Media - Day 5 grades 7+ learning activities
These activities will help youth build a positive view of themselves and recognize their strengths while thinking about media. They can be done alone or with friends over a video chat such as Skype, Zoom, Facetime, etc.
Trivia Question: How many bones does the skull (the hard part of your head) have? *See mindfulness activity answer at the end of the lesson plan.
- Sit down so you’re comfortable.
- Notice the thoughts in your head.
- Let them go without judgement.
- Say, “Let it go” for 30 seconds.
- phone camera
Perspective in photography is the sense of depth between objects in a photo. By changing perspective, subjects can appear much smaller or larger than normal. For example, if you have ever seen a picture of someone pretending to hold up the Leaning Tower of Pisa, that is a perspective photo.
Take perspective photos with your phone or laptop camera. If you don’t have access to a camera, try drawing out your perspective photo.
Find some objects in your house and use them to add the perspective. It can be any object such as a shoe, ball, stick or fruit. The farther away an object is from the human eye, the smaller it appears. It may seem even smaller if an object close to the camera looks larger, because of the relationship between those two objects. See examples online to give you some ideas.
Plan 3-5 pictures. When you have your photos, add a caption. Have some fun and be creative with your perspective photos!
For this activity, create a talk show to explore a topic you are interested in.
Choose a specific topic. Try to narrow it down to something you can speak about for 5-10 minutes. For example, it could be a movie or TV show review, a cooking demonstration, exercise, music, research or news. Take the time to do some research on your topic and think about why topic is important to you.
Name your talk show. Try to pick something catchy that will help you connect with your audience.
Write a script outlining how you want to present your ideas and what you want to say. For example, if you are going to do a movie review you may want to start by introducing the movie, characters/actors, plot, budget and genre.
Take the time to practice and go through your lines. Edit any changes you think would help make things easier. Your script/notes are something you can refer to throughout your talk show, but try to see if you can do it without looking at them. Practice until you feel comfortable with the script and are ready to put on your show.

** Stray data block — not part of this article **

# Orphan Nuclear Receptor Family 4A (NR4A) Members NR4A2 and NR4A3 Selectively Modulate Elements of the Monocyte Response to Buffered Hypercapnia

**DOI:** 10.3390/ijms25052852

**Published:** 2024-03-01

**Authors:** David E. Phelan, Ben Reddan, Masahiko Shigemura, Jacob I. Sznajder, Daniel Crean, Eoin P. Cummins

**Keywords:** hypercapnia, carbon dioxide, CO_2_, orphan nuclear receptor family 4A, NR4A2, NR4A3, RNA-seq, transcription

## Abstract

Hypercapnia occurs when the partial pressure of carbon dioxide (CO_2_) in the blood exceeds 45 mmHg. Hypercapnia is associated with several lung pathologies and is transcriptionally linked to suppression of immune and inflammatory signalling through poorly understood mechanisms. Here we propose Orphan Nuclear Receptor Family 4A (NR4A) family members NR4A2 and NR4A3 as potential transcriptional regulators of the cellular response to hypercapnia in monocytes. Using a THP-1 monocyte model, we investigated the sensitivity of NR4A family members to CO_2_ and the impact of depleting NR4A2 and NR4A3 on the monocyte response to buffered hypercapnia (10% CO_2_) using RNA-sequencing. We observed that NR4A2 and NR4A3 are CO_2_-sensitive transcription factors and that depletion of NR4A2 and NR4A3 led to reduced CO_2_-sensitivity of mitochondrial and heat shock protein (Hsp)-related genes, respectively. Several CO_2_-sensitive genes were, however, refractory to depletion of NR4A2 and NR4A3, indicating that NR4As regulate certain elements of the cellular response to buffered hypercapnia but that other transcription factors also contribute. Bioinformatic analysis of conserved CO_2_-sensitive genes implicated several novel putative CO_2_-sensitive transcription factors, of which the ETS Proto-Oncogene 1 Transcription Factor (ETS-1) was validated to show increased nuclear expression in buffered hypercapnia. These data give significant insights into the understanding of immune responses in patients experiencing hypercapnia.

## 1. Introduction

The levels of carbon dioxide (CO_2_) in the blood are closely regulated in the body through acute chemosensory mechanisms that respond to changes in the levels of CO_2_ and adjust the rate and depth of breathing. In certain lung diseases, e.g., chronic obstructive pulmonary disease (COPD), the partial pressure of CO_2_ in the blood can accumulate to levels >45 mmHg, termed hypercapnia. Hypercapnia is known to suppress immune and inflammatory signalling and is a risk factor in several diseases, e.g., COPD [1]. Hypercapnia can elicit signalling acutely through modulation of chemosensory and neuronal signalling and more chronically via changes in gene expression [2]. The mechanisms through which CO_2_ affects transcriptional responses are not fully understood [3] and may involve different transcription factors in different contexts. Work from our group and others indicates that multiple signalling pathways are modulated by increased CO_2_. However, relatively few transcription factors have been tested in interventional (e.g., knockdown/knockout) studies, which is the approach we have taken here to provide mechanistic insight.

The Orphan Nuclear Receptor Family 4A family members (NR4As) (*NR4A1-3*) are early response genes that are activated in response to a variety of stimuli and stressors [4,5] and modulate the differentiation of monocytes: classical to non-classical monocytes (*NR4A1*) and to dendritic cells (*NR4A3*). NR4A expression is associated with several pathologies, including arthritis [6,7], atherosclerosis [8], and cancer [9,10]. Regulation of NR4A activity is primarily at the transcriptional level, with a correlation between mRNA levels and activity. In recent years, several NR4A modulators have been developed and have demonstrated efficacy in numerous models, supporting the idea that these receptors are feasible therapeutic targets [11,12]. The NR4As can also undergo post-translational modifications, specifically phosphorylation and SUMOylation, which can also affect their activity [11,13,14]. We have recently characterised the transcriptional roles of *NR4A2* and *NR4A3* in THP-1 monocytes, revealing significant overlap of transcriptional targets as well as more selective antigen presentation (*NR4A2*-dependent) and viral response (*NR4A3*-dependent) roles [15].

Find a space in your home that you want to present your talk show and make sure there is room for your family to watch. Try your kitchen, living room, or basement.
Invite your family and let them know what time and where the talk show will take place. Have someone take a video of your show, so you can see it afterwards and share it with your friends.
Watch the video for help on this activity.
- 8 x 10 Flat Canvas or a thick piece of cardboard
- Old small toys, items, you no longer use or are broken.
- Glue. Preferably a hot glue gun for heavy items.
- Paint Brushes
- Glitter (Optional)
Collect a variety of small items you no longer use (e.g. old small toys, bottles caps, pins, bottoms, screws, or game pieces).
Glue the items on a canvas or thick piece of cardboard and let the glue dry.
Paint over all of the items with a thick paint (like acrylic) so that they are one or two solid colors.
Add glitter if you want, then let everything dry.
- How does it feel to fully plan something out and then see the results?
- Why do you think talk shows are so popular?
- How can you use media to share your view of the world?
Mindfulness Activity Trivia Answer:
- C. The skull is made up of 22 bones that are joined together.